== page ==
High school student health, safety survey results for Pierce County releasedNews from the 2011 Pierce County Youth Risk Behavior Survey measured overall student health and safety.
High school student health, safety survey results for Pierce County released
News from the 2011 Pierce County Youth Risk Behavior Survey measured overall student health and safety.
“The data from our high school students show that the many prevention and intervention programs and policies our schools have adopted have us on the right track,” said Sue Galoff, Public Health director for Pierce County. “Health, safety and risky behaviors can present real barriers to a student’s education and well-being.”
The Wisconsin Department of Public Instruction administers the Youth Risk Behavior Survey every two years. The statewide results will be available in late fall of 2011.
For the 2011 survey in Pierce County, 1,630 students completed a questionnaire that covered seven priorities: Protective assets, traffic safety, weapons and violence, suicide, tobacco use, alcohol and drug use, and nutrition and exercise. Survey procedures protect student privacy through anonymous and voluntary participation that includes following local parental permission procedures.
The survey is part of a national effort by the U.S. Centers for Disease Control to monitor health-risk behaviors among the nation’s high school students.
Overall, 82% of students said they had a supportive adult at home, 65% said they had one or more adults at school they could go to if they had a problem, and more than 64% of students said they feel like they have a sense of belonging at school.
“Fitting in, having adults you can talk to, getting encouragement when things don’t go as well as you like: These are important in anyone’s life, but especially so for high school students who are navigating their way into adulthood,” Tammy Kincaid, Human Services director said. “A school where students feel welcome and free from bullying and threats of violence sets a strong foundation for academic achievement and lifelong development. Having a network of supportive adults helps youth avoid risky behaviors that can be a detriment to themselves and their education.” Kincaid went on to say.
Details of the report revealed the following information. Tobacco usage in Pierce County continues to decline (44% in 2009 in Wisconsin to 32.5% in Pierce County for 2011) for students who reported having tried cigarette smoking. However, alcohol usage is still high. A large percentage of Wisconsin high school students reported drinking alcohol. The percentage of students reporting binge drinking (five or more drinks of alcohol in a row) in Wisconsin is higher than most states.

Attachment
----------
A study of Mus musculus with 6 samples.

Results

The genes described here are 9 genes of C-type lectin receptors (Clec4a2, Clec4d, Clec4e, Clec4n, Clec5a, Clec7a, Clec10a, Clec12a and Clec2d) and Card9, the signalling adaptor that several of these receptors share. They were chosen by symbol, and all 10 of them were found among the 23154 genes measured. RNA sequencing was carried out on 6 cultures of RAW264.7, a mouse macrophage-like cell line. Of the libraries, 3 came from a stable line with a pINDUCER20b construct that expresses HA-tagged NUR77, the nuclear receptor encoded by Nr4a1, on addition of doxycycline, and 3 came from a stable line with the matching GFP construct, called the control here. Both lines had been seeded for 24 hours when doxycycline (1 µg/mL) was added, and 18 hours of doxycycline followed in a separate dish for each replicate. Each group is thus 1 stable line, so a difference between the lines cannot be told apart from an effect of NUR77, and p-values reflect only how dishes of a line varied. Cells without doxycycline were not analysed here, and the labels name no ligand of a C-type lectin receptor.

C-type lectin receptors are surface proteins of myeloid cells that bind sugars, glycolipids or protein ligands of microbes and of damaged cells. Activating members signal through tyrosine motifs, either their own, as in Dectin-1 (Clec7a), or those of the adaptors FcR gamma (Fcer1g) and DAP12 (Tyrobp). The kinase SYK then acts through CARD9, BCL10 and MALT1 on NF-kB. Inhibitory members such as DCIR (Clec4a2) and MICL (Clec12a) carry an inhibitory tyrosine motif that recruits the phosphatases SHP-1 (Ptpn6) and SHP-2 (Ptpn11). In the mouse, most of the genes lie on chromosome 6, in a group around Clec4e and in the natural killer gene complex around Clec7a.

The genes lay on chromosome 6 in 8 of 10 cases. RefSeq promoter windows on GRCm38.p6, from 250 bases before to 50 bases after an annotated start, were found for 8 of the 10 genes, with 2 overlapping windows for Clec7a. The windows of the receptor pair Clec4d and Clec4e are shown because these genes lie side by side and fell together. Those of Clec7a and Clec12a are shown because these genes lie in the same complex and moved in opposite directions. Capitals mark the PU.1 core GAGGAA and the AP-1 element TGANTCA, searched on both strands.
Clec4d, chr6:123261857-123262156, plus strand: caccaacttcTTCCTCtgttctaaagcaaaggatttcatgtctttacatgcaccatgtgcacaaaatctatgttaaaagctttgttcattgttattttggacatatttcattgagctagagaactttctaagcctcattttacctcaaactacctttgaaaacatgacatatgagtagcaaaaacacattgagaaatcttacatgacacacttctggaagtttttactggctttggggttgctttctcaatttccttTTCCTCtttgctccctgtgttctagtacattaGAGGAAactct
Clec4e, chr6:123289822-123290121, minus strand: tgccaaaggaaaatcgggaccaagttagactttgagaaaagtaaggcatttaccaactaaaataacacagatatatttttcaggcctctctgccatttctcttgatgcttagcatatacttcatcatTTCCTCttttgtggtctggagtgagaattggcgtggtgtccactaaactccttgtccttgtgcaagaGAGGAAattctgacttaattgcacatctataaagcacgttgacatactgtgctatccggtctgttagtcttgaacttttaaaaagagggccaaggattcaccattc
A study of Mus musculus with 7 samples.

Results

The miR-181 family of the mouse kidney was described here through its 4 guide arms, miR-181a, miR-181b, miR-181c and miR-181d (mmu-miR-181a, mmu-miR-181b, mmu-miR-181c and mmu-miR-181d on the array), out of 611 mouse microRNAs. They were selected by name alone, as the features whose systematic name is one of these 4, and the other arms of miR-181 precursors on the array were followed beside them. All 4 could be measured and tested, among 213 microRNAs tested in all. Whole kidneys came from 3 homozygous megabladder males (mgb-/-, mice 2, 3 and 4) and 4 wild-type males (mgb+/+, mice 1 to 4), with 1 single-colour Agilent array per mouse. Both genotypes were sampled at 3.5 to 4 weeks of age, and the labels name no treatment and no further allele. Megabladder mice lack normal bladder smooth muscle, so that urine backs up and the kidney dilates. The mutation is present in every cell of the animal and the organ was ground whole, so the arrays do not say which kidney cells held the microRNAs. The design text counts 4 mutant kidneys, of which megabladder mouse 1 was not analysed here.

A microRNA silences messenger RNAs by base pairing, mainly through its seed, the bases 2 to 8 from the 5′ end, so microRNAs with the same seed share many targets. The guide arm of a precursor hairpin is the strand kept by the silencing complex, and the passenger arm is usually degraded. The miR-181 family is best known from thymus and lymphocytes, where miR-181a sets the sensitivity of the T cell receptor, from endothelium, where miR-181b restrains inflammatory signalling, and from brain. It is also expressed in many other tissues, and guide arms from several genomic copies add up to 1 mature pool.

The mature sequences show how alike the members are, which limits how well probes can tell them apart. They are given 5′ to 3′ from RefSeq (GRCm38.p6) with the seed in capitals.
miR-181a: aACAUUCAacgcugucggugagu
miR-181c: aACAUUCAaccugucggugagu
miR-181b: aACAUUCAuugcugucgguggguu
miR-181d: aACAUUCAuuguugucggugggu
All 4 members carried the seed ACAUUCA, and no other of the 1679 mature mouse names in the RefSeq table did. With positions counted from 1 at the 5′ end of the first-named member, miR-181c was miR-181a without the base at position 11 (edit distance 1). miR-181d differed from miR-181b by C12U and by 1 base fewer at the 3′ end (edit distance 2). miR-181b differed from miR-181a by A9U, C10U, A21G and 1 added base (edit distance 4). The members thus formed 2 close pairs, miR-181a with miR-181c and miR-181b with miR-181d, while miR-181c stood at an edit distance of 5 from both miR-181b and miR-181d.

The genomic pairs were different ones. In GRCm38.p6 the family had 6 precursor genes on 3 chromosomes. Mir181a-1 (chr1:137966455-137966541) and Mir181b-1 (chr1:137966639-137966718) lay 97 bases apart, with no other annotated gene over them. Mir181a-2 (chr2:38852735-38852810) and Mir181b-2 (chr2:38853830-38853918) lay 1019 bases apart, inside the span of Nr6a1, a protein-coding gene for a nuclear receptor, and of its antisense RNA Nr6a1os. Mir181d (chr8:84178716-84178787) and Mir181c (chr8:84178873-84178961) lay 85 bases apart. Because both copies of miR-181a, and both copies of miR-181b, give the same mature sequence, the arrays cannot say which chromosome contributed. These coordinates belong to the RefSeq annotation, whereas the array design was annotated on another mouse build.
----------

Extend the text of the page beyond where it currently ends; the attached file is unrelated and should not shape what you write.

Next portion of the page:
In Pierce County, 21% of students compared to 25% for the state, reported binge drinking in the past 30 days and 34% of the students in Pierce County reported drinking alcohol during the last 30 days.
Trends for marijuana use in Wisconsin rose between 1993 and 2009. Students in Wisconsin reported using marijuana at least once in their life, from 23% in 1993 to 34% in 2009. By comparison, in Pierce County 25% of students reported having tried marijuana at least once in their life and 15% reported having tried marijuana during the last 30 days.
The 2011 survey results also showed:
Alice Reilly-Myklebust, director of Student Health and Counseling Services at UW-River Falls added, “Many students come to the University of Wisconsin-River Falls with established health behaviors. For example, the University of Wisconsin System Alcohol and Other Drug Survey administered to our students in 2007 indicated that fifty-eight percent of our students drank about the same or less alcohol in college as they did the year before starting college. In addition, we know that students’ health behaviors impact their academics.
“Secondary analysis of the 2009 National College Health Assessment data from our students indicated that alcohol use more than one to two days per month, smoking cigarettes/tobacco use, marijuana use, sleep difficulties, six or more mental health stressors, and three or more hours/day using computer not for academics or work were all associated with lower grade point average.
“We work together on campus and with the community to address many of these complex issues.”